New federal data shows that the abortion rate in the United States has decreased dramatically over the last decade.

The Centers for Disease Control and Prevention (CDC) have come out with a a new report that shows America’s abortion rate has declined 26% between 2006 and 2015. This is the lowest level of abortions the government has on record.

This is great news. However, while abortions have significantly declined as reported by the CDC, Life News reports that a number of states don’t actually report their abortion numbers to the CDC. Those states include California, Maryland, and New Hampshire. A number of states also didn’t provide comprehensive numbers and only gave the CDC limited information.

The reason for the decline in abortions

“This decline in abortions is happening amid other positive trends in reproductive health,” Vox reports. “The number of teen pregnancies in the United States, for example, has decreased dramatically since the 1990s — and a lot of that seems to have to do with young adults using better contraception.”

”When contraceptives aren’t available, women use abortion, even if it isn’t legally sanctioned and even if it puts them at great physical risk,” Diana Greene Foster, an associate professor at University of California San Francisco who studies abortion and contraception, told Vox. “When contraceptives are more available, use of abortion declines.”

However, pro-life laws and a possible culture change when it comes to abortion are also playing a factor.

Vox notes that stricter abortion laws might have played a role in reducing the number, but also this important fact: “Some recent polling data shows that millennials are slightly more opposed to abortion than older generations, too.”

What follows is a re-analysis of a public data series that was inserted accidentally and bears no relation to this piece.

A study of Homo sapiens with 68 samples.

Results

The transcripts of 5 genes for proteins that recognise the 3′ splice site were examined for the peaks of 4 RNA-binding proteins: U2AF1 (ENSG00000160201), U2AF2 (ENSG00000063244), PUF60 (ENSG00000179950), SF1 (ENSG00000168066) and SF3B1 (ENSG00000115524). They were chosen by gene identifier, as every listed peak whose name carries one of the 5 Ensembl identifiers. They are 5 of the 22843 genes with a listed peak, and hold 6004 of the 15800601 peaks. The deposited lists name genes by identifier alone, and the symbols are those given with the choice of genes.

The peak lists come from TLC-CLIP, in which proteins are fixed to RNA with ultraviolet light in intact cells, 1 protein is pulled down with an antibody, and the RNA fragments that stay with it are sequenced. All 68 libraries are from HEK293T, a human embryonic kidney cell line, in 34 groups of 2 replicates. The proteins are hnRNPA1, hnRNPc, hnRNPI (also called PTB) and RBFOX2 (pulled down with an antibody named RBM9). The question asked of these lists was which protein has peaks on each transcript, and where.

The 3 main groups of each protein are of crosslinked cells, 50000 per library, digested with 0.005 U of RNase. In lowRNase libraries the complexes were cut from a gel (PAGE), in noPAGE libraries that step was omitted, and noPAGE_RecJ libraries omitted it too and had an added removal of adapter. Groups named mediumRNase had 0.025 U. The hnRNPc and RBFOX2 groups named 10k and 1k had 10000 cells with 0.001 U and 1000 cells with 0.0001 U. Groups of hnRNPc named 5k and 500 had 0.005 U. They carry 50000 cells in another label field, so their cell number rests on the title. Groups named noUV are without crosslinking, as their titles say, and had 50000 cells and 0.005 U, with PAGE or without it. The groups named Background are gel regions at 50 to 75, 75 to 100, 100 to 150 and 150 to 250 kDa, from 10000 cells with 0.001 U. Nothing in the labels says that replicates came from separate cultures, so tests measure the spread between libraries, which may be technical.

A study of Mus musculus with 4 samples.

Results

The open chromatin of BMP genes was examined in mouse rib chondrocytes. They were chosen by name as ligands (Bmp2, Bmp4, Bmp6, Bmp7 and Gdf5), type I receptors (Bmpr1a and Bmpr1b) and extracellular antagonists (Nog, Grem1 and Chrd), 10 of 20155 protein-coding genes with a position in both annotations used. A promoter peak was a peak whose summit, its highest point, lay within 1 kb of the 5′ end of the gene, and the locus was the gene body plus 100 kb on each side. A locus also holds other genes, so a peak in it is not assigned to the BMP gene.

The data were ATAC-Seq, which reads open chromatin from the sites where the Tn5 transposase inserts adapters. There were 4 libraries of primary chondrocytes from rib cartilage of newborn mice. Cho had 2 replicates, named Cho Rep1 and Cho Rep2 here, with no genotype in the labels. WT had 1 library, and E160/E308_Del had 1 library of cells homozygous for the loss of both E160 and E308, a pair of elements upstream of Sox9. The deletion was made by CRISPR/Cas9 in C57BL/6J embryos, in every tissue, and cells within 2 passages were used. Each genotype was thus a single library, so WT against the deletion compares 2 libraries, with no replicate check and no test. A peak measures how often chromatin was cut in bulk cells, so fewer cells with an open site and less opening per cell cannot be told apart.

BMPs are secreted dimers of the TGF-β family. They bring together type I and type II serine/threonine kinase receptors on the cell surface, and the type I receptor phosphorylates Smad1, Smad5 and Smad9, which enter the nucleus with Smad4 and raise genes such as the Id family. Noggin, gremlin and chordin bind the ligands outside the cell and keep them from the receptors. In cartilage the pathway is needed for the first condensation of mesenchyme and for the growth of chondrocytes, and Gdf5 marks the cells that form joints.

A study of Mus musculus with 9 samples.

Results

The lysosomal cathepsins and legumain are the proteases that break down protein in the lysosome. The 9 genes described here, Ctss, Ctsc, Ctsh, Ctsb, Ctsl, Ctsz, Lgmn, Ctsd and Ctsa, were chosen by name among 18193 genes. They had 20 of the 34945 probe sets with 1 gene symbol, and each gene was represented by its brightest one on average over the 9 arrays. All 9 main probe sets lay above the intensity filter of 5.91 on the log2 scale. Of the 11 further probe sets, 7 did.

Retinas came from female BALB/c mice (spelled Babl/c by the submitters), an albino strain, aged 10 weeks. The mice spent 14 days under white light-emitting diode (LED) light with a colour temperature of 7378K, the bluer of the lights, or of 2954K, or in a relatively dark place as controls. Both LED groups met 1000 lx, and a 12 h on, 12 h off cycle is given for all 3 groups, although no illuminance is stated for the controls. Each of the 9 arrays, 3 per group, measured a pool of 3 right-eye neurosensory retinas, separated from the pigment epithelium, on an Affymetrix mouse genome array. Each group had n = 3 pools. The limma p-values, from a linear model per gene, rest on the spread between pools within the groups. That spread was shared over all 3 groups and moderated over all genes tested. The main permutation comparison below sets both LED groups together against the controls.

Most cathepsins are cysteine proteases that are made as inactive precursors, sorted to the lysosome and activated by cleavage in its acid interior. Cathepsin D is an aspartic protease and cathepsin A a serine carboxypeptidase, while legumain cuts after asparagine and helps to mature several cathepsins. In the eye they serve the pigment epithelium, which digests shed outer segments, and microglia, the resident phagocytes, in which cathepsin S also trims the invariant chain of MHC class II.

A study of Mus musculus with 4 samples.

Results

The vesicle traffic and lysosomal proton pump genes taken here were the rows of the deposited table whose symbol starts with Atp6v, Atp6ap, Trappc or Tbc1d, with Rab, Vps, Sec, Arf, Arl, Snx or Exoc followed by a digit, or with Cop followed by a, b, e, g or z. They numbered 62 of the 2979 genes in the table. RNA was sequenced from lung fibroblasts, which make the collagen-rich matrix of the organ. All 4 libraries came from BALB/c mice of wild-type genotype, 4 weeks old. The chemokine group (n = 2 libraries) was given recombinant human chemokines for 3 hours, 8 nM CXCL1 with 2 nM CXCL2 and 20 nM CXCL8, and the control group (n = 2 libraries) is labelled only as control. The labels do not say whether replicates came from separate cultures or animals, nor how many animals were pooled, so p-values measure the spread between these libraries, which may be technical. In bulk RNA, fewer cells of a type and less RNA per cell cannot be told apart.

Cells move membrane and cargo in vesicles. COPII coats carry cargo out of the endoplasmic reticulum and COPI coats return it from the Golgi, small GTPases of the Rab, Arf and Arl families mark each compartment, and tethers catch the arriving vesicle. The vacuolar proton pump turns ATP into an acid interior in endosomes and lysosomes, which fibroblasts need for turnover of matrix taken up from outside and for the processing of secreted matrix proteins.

Abby Johnson, who is the head of the pro-life organization And Then There Were None was cautiously optimistic about the new CDC numbers showing a decrease in abortions:

“It’s always good news when abortions decline but these numbers are hard to take seriously when the state that performs the most abortions [California] is not included in the report. There is also no record of the many complications of abortion that women experience, likely because those instances are shoved under the mat in many abortion clinics.”

Johnson added:

“By our work helping abortion workers quit their jobs and find life-affirming ones, we are hopeful abortion rates will continue to drop as abortion clinics close their doors because no one will work for them.”

National Right to Life President Carol Tobias also reacted to the decline in abortions:

“Sixty million unborn children have died as a result of the Supreme Court’s Roe v. Wade and Doe v. Bolton decisions. However, through the right-to-life movement’s determination to protect mothers and their children, we continue to see evidence that our efforts to educate America about the unborn child’s humanity, and our efforts to enact protective pro-life legislation, are having a tremendous impact in moving our nation away from Roe and Doe’s deadly legacy.”

For years, the pro-life movement has talked about “changing the culture.” Is it finally happening? Particularly with younger Americans?

Maybe more culture-changing combined with more contraception can continue to save even more lives in the future.